Native Instruments Maschine Studio Overview

Back in 2009 Native Instruments Maschine burst onto the scene, finally there was a piece of hardware on the market to rival the all-conquering Akai MPC. Since then, we’ve seen the Native Instruments Maschine Mikro MK2 Black version, Native Instruments Maschine MK2 Black and finally the product we’re going to be talking about today – the mighty Native Instruments Maschine Studio Black.

Native Instruments Maschine Studio Overview

Whereas the Mikro was introduced to offer a stripped down version of the hardware, NI’s ultimate aim when introducing the Studio line was to give producers even more hands on control of their productions.

The unit’s build is very impressive indeed (it’s going to have to take a big beating for any substantial damage to the studio!) There is an integrated stand, which makes it a lot more comfortable if you’re going to be banging out drums and rhythms. If you are looking to take the unit on the road though, I would recommend getting a good case as the screens could easily get cracked in transit.

So lets get into some of the new features of the controller. A much larger unit than the original Maschine, the Studio features two new, larger, full OLED colour displays. These displays are full customisable, so you can change layout to match various different workflows.

Arranging and sequencing also just got a lot easier. The studio splits your arrange view in two, giving you an overview of the scenes and patterns on the left display and a more detailed view on the right display. Mixing on the unit is also greatly improved using NI’s new mixer UI mode.

NI also decided to include a new edit section to the unit. The large clickable jog wheel, positioned in the lower right of the controller can be used to adjust various parameters, depending on what you have selected on the Maschine studio.

Version 2.0 of Maschine’s software also offers a whole host of new features which improve workflow. There’s been a complete reprogramming of the systems audio engine so it now supports multi-core CPU processing, greatly increasing CPU headroom. Annoyingly the original software had a cap on the number of plugins and groups allowed in a session, this has now however been removed in version 2.0.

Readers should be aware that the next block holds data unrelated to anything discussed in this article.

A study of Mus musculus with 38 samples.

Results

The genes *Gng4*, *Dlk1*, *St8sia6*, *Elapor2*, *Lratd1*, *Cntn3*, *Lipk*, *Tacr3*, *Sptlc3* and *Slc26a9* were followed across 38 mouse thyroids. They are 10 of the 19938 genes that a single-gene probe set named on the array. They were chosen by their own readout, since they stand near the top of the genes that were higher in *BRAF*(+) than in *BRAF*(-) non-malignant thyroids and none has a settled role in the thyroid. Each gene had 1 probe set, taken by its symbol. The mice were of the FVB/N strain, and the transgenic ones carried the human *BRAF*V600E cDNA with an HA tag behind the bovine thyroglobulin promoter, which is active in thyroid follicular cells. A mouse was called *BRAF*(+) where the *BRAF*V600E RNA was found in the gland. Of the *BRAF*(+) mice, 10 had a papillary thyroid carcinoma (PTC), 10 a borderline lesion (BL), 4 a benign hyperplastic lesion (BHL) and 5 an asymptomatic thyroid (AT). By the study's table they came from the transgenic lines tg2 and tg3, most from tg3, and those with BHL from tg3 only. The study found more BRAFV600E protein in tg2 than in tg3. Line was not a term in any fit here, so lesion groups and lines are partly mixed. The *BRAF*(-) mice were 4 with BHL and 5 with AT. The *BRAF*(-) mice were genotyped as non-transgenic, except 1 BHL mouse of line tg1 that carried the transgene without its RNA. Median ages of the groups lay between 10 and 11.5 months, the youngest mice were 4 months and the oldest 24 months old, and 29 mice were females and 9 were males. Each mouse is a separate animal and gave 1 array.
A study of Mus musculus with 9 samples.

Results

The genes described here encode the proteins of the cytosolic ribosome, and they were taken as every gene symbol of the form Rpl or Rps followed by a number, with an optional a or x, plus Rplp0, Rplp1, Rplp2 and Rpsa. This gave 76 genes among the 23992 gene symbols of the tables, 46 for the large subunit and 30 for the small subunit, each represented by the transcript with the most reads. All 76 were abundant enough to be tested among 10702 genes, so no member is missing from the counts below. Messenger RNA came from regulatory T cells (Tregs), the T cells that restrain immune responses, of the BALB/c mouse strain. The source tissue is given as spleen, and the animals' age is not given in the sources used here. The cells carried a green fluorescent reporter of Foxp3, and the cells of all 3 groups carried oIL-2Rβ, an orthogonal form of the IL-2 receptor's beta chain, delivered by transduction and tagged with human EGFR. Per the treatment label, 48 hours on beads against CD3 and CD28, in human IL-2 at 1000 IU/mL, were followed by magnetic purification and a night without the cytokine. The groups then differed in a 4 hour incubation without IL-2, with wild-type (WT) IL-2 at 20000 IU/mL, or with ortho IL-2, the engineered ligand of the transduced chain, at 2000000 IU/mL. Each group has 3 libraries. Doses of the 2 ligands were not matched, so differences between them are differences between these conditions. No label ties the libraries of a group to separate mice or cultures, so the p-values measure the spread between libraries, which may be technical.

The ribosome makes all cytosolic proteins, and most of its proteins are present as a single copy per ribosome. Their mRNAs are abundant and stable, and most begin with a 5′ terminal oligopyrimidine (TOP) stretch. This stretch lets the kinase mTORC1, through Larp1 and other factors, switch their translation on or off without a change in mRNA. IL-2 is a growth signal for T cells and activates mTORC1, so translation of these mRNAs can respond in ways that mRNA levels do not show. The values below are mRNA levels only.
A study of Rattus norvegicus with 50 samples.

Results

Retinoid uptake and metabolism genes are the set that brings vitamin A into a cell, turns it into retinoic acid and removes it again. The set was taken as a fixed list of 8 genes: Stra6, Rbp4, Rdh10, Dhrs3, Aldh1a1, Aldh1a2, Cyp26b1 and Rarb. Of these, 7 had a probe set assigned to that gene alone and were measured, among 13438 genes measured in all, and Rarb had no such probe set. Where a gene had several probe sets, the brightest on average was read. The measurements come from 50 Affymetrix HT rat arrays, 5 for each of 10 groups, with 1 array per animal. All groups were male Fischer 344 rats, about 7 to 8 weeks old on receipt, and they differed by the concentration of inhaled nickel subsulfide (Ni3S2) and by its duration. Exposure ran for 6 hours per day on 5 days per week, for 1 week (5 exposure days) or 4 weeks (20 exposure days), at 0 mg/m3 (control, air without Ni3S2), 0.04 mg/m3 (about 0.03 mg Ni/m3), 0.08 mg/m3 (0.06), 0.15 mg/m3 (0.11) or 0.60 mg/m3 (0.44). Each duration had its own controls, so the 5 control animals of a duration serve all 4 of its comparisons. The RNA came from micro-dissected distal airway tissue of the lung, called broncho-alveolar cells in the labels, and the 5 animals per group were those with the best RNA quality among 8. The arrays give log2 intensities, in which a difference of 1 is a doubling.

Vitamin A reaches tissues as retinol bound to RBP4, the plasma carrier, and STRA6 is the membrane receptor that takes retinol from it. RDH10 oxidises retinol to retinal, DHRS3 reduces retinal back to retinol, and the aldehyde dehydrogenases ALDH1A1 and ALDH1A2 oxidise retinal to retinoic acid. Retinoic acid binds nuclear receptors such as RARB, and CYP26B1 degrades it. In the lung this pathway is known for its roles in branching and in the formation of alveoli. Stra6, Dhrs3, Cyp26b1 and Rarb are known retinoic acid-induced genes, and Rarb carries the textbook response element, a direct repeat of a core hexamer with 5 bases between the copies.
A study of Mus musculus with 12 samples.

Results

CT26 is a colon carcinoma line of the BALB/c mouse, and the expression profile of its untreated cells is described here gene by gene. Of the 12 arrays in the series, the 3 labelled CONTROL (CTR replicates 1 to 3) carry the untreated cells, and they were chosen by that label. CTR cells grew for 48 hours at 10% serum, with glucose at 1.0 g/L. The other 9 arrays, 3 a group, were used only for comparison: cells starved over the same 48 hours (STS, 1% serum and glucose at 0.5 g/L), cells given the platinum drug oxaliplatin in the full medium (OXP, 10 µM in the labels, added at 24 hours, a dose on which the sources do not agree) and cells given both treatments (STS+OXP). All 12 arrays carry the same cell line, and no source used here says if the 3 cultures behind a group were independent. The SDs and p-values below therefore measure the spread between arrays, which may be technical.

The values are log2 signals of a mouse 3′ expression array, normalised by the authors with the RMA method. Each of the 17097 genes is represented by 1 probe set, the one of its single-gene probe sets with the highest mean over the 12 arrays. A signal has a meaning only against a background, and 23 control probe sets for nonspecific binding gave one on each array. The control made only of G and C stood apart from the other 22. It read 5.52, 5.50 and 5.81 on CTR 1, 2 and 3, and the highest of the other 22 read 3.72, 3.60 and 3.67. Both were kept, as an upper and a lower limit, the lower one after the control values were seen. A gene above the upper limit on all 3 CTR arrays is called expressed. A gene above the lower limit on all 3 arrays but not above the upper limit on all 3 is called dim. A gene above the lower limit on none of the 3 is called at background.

The new drum synthesizer engine is also a big new addition. The engine is broken down into five Maschine plugins for; kick, snare, hi-hat, percussion and toms. Each plugin then has a set of engines which model different types of the selected drum and each can be shaped differently with the various selectable parameters.

If you’re looking for an all in one unit to give you a more hands on approach in your production set up, the Maschine Studio ticks all the required boxes. Whereas with the original Maschine there is a lot of back and forth from the unit to a computer screen, the addition of the large displays means that it’s truly possible to use the Studio without having to even glance at your computer. The greatly improved software is also a massive boost, by adding multi-core CPU processing capabilities, you now won’t be restricted by heavy CPU loads, regardless of how many plugins you have running.

On our website you can also buy all of the Maschine products bundled with a copy of NI’s impressive Komplete. Komplete is NI’s software package featuring over 2,500 sounds, and more than 25 GB of instruments and effects in a single, studio-ready package. Featuring the likes of; Massive, FM8, Absynth, Monark and many more

Check out the whole range of Maschine products here.